Courtesy of the Sports Network
Winnipeg is again getting an NHL team as the Atlanta Thrashers are on their way to Manitoba for the 2011-12 season.
True North Sports and Entertainment held a press conference on Tuesday to announce that the Thrashers, who began play in Atlanta in 1999, are heading to the city that hosted the Jets until their departure to Phoenix in 1996.
“I would like to welcome the NHL back to Winnipeg,” said NHL commissioner Gary Bettman, who got a round of applause after the announcement. “As is obvious by the fact that we are here today, True North reached an agreement to bring the Atlanta franchise back to this city.”
The deal is still not official yet as it still needs approval from the NHL’s Board of Governors, which is scheduled to meet on June 21 in New York.
“This transaction is still contingent upon the approval of the NHL’s Board of Governors,” said Bettman. “We don’t like to move franchises, but sometimes we have no choice. We are not happy about leaving Atlanta, but it was never about whether Winnipeg was better than Atlanta.”
True North Sports and Entertainment owns and operates the Manitoba Moose of the American Hockey League and the MTS Centre, which is expected to house the NHL team.
“This venue will be a fine home for the NHL club,” said Bettman. “And we get to be back in a place we wish we never had to leave in 1996.”
The Manitoba Moose are the AHL affiliate of the Vancouver Canucks, who will open up the Stanley Cup Finals on Wednesday against the Boston Bruins.
It is not yet known if the Moose will remain the Canucks’ minor league team, or if the AHL will restructure in light of the new situation.
“Our Manitoba Moose have been the benchmark in the AHL since they came into the league,” said True North president Jim Ludlow. “They have helped us establish a confident base to move forward. We knew if we saw the right opportunity we would take the next logical step and we are thrilled with our purchase of the Atlanta Thrashers.”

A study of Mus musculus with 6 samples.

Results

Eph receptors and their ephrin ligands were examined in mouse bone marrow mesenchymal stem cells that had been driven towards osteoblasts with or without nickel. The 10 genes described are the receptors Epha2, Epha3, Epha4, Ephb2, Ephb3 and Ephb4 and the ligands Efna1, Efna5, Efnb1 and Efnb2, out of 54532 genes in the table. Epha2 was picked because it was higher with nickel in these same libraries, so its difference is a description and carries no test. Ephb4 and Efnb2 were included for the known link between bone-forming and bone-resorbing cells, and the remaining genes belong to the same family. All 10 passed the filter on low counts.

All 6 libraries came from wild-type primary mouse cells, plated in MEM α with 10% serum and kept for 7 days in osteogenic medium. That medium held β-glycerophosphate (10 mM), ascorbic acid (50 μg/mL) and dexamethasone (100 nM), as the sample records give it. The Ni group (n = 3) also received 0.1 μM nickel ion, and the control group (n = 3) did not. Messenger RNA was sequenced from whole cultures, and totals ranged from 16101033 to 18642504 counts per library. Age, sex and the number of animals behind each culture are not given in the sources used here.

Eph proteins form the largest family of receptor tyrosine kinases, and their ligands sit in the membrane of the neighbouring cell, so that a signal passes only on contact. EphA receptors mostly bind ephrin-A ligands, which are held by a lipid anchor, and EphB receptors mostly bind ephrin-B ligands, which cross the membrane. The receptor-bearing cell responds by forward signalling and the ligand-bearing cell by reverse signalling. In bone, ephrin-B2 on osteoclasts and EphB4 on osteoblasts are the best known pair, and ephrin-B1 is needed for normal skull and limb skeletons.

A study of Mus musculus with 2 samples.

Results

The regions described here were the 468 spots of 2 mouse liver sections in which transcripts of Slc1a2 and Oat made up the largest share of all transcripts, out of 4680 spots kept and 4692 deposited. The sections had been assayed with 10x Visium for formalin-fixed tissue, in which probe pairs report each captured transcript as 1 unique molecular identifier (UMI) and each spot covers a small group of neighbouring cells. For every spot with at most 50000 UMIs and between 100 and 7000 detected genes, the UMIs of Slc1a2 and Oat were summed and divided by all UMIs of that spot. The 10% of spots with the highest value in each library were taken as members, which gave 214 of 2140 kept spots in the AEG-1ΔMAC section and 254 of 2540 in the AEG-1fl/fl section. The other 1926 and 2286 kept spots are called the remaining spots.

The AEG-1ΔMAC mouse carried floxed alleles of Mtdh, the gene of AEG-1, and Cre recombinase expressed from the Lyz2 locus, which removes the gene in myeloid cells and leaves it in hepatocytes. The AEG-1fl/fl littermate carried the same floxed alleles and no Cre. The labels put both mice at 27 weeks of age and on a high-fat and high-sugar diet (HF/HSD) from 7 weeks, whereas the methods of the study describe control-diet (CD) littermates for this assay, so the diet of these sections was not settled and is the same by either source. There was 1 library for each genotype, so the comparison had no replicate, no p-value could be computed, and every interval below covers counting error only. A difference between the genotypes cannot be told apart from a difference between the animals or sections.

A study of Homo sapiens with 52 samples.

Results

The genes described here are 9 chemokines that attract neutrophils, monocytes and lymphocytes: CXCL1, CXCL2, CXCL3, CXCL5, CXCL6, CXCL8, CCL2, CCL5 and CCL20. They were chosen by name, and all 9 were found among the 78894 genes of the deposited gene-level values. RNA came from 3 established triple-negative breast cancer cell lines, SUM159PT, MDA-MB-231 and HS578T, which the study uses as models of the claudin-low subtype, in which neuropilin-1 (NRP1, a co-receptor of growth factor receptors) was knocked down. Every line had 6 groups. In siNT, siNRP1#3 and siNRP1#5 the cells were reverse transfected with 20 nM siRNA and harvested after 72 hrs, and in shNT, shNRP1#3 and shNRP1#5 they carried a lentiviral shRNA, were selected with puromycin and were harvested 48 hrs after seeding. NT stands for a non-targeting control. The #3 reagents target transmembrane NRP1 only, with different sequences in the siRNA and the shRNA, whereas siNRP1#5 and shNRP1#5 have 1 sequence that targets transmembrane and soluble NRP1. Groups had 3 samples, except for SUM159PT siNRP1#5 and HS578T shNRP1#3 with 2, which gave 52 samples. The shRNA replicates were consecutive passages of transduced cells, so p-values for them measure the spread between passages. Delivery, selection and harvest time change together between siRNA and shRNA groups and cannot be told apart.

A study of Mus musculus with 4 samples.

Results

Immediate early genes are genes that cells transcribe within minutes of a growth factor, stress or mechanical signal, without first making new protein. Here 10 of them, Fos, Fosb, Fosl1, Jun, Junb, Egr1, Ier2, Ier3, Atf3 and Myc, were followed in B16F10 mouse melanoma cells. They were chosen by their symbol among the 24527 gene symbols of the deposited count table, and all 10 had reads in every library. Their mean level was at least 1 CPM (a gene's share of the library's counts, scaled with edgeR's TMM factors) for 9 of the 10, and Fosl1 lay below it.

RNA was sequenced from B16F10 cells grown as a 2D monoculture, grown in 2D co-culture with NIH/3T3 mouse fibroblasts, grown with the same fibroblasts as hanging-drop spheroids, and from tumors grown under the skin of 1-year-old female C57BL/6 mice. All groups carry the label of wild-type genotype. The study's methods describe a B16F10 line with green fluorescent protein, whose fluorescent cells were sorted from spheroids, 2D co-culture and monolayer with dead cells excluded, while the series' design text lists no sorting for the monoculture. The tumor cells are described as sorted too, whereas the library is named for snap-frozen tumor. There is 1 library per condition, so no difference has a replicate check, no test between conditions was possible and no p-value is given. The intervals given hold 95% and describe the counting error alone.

Winnipeg was previously home to the Jets, who began life in the World Hockey Association in 1972 before joining the NHL in 1979. The franchise moved to Phoenix for the 1996-97 season and has not hosted an NHL regular-season game since.
“We are just thrilled to have the NHL back in Winnipeg,” said Manitoba Premier Greg Selinger. “True North and Jim Ludlow have shown perseverance in getting a team back here and this team is a symbol of the faith we have in this province. The NHL is going to be here and it’s going to be here for good.”
This is the second time an expansion team has failed in Atlanta. The city first hosted the Flames from 1972 until their departure to Calgary in 1980. The Thrashers made the playoffs just once during 11 seasons in Atlanta, suffering a four-game sweep at the hands of the New York Rangers in 2007.
During their time in the city, the team posted a mark of 342-437-123 along with winning the Southeast Division in the 2006-07 season.
“Our objective was always to find a solution to keep the team in Atlanta, and we spent a considerable amount of time, effort and resources trying to do so,” said Atlanta co-owner Bruce Levenson. “This is not the outcome we wanted and it’s extremely disappointing that a buyer or significant investor did not come forward that would enable us to keep the team in Atlanta.”
Earlier this month, Thrashers ownership began serious negotiations with the Winnipeg group and the Winnipeg Free Press reported that the league was working on two separate schedule drafts for next season — one with Atlanta and one with Winnipeg.